A Saudi-based investment firm is planning to launch a first-of-its-kind private equity fund in the Middle East that will solely focus on investment in the fast-growing education sector in the Gulf Arab region, its top executive said.
Itqan Capital, a unit of Bahrain’s Al Baraka Banking Group, is eyeing up to $200 million for the fund that it plans to launch with Bahrain-based school consultancy firm D3 Consultants in 2014, Itqan Chief Executive Adil Dahlawi told Reuters on Monday.
The fund launch underscores rising appetite among investors for education-related investments in the Gulf Arab region, home to a rising young population and a growing middle class whose standards of living are increasing steadily thanks to strong economic growth.
“We are pushing the envelope today. We are saying, if you want to start an investment on the education side, be fully dedicated to that and don’t come into it only seeking returns. There is a social commitment to this which we want to adhere to,” Dahlawi said.
Itqan signed a memorandum of understanding with D3 Consultants on Monday to form a private equity fund that will initially focus on the primary education sector in the region and especially in the six-nation Gulf region.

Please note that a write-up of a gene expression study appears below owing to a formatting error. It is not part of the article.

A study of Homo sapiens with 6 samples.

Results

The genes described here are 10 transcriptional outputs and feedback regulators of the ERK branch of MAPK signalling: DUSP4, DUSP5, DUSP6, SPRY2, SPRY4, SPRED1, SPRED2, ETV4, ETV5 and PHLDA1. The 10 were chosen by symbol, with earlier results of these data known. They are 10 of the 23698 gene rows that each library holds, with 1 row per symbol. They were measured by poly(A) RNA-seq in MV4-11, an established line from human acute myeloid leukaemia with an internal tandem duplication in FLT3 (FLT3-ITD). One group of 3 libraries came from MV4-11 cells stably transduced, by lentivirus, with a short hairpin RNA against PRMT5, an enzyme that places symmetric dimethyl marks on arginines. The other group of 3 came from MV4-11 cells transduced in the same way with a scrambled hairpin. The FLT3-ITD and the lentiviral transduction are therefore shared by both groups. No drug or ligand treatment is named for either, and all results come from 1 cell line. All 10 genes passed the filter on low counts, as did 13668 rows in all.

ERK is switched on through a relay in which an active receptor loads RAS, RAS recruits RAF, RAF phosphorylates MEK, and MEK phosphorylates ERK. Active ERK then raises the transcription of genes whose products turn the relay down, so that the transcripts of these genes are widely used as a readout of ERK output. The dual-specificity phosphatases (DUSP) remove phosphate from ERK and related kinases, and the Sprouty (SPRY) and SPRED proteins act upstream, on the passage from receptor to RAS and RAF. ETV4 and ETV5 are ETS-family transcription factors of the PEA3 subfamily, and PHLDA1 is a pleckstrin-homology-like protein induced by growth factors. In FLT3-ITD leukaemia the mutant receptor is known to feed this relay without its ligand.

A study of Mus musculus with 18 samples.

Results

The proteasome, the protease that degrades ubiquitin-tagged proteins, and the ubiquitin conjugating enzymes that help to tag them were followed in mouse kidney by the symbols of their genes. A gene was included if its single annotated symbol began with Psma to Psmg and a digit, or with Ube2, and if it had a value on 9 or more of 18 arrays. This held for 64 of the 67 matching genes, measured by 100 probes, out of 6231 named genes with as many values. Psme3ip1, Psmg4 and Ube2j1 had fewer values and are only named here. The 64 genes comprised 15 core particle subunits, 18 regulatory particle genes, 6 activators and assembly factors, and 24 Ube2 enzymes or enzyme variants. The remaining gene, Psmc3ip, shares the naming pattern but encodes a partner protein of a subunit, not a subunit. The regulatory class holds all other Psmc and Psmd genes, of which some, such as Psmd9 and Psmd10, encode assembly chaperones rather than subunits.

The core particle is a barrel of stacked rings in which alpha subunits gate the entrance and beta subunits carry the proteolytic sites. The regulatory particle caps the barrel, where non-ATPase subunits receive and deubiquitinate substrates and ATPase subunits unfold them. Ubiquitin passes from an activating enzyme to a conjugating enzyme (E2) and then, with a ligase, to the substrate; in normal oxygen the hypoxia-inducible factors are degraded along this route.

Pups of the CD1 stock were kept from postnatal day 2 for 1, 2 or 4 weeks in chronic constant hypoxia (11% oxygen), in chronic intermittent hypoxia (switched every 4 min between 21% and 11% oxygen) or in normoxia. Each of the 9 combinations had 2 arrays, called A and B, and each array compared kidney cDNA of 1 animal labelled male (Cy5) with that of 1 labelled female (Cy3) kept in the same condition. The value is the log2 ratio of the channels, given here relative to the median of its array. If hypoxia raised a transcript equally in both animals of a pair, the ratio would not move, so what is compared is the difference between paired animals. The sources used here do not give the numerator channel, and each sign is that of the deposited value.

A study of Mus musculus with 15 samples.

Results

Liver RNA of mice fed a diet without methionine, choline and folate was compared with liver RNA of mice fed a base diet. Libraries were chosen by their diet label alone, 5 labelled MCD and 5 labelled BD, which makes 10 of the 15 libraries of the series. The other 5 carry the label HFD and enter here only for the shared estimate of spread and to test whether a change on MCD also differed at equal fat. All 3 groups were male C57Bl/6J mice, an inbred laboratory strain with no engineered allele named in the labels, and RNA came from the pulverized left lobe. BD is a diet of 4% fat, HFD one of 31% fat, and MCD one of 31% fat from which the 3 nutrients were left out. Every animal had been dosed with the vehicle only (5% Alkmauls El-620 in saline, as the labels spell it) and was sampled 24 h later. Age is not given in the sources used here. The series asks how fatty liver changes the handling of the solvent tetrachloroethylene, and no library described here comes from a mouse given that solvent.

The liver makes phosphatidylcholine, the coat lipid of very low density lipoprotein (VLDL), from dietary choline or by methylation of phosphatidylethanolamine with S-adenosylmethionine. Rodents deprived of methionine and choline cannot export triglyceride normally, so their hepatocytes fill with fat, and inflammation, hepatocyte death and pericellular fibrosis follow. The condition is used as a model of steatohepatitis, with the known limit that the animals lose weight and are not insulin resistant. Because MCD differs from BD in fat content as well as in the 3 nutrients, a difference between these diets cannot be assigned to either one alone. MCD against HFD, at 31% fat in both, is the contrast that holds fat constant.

The two companies plan to provide initial capital for the fund and expect it to launch by the first half of next year after receiving necessary regulatory approvals, Dahlawi said.
The fund will seek to acquire and operate schools throughout the region before moving to higher education, the CEO said.
“In any market you need to establish yourself in primary education first and then you can expand into the higher education sector,” he said.
The Gulf’s education market is expected to be about $40 billion in size with the private education sector accounting for about 14 per cent of the overall market size, Itqan said in a press release announcing the MoU with D3.
The number of male and female students in the Gulf will rise to 11.3 million, while the number of higher education students is expected to increase by five per cent to 1.9 million students by 2020, Itqan said in the press release.
Despite that, private equity firms in the region invested only about $275 million in the sector between 2005 and 2009 through 13 acquisitions, the firm said.
“Its not easy getting onto the education sector. It’s a tough market, especially on the regulation side. Every country has its own set of rules with regard to licensing, accreditation etc,” Dahlawi said.
Saudi Arabia is the largest market for education services in the Gulf, accounting for about 75 per cent of total student outlay, according to Itqan.